Kendrick Lamar kicks fan off stage
Grammy-winning rapper Kendrick Lamar headlined the Sweetlife festival in Maryland on 31 MayChris Weeks/Getty Images for Reebok

US rapper Kendrick Lamar expects everyone at his concerts to know the words to his songs so he was horrified when a supposed superfan messed up his lyrics on-stage.

The Bad Blood hitmaker was headlining the Sweetlife festival in Maryland when he invited an audience member to join him on-stage to rap along to his 2012 track m.A.A.D. city.

However, the invitation was based solely on the condition that the superfan knew every single word to the lyrically complex song.

Initially confident about the task, the festival's co-founder Jonathan Neman thought he had what it took to wow the audience but instead, the businessman left them stunned when he stumbled on the first line.

After awkwardly stuttering on the words, Lamar, 27, waved at his band to stop the track before enlisting security to escort Neman off the stage.

The hip hop icon told the audience: "For some reason, every time I bring up a young lady up here, they always outdo the men who come up here," before introducing a woman named Ayanna to the stage.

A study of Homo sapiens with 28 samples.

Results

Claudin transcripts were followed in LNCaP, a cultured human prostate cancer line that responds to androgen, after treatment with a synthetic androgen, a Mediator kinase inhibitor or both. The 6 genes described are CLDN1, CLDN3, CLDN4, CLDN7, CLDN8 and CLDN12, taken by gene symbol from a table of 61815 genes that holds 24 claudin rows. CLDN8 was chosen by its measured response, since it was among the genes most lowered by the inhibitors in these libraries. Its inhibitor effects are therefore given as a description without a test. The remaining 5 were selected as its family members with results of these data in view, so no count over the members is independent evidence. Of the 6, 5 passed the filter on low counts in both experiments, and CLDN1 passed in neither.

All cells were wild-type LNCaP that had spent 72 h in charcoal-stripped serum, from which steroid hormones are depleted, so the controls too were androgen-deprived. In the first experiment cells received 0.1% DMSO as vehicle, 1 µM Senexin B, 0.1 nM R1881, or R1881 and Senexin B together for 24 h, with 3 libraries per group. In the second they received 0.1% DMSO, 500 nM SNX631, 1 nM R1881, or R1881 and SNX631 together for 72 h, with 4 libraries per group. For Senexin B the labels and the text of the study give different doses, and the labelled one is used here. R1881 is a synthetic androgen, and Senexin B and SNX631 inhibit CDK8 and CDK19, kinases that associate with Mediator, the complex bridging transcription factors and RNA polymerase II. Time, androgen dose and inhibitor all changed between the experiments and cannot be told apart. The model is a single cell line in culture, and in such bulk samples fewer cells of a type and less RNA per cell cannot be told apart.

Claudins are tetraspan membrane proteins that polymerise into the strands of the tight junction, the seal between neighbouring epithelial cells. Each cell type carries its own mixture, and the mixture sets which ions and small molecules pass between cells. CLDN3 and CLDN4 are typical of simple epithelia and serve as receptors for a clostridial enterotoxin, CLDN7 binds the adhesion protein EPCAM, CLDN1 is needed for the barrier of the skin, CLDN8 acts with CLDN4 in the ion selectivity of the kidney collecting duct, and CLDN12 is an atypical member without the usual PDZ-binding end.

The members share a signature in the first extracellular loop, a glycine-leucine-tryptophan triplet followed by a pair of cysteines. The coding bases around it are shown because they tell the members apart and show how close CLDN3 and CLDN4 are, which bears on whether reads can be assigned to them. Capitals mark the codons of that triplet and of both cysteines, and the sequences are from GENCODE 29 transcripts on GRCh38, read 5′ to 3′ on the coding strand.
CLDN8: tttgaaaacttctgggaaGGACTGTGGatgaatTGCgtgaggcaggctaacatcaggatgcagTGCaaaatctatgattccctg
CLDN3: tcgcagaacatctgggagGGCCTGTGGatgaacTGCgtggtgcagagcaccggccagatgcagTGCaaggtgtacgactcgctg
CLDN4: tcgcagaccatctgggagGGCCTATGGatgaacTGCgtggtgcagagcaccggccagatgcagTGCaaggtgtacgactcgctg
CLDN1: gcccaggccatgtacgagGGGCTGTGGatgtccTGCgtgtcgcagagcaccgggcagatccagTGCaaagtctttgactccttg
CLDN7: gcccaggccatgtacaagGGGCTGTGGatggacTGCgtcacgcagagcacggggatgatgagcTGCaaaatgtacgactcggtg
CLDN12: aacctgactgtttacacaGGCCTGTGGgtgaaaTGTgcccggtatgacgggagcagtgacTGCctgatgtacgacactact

Watch Kendrick Lamar kick the festival co-founder off the stage:

Ayanna proceeded to expertly deliver the lyrics without much assistance from Lamar, prompting huge cheers from concert-goers and perhaps rubbing salt into the wound for Neman.

Following her impromptu performance, the Swimming Pools rapper applauded Ayanna for her effort, admitting: "She killed that s**t. She not only represented what I do, and I truly appreciate that, but she represented every one of y'all out here tonight."

Although Neman was unable to master the lyrics, he is clearly a fan of the Grammy-winner as his Sweetgreen company named their salad, Beets Don't Kale My Vibe, after the musician's hit single, B***h Don't Kill My Vibe.

Lamar is set to embark on a North American summer tour in promotion of his latest chart-topping album, To Pimp A Butterfly.

The rapper was recently honoured with California's generational icon award in light of his generosity in helping underprivileged children in the Compton community.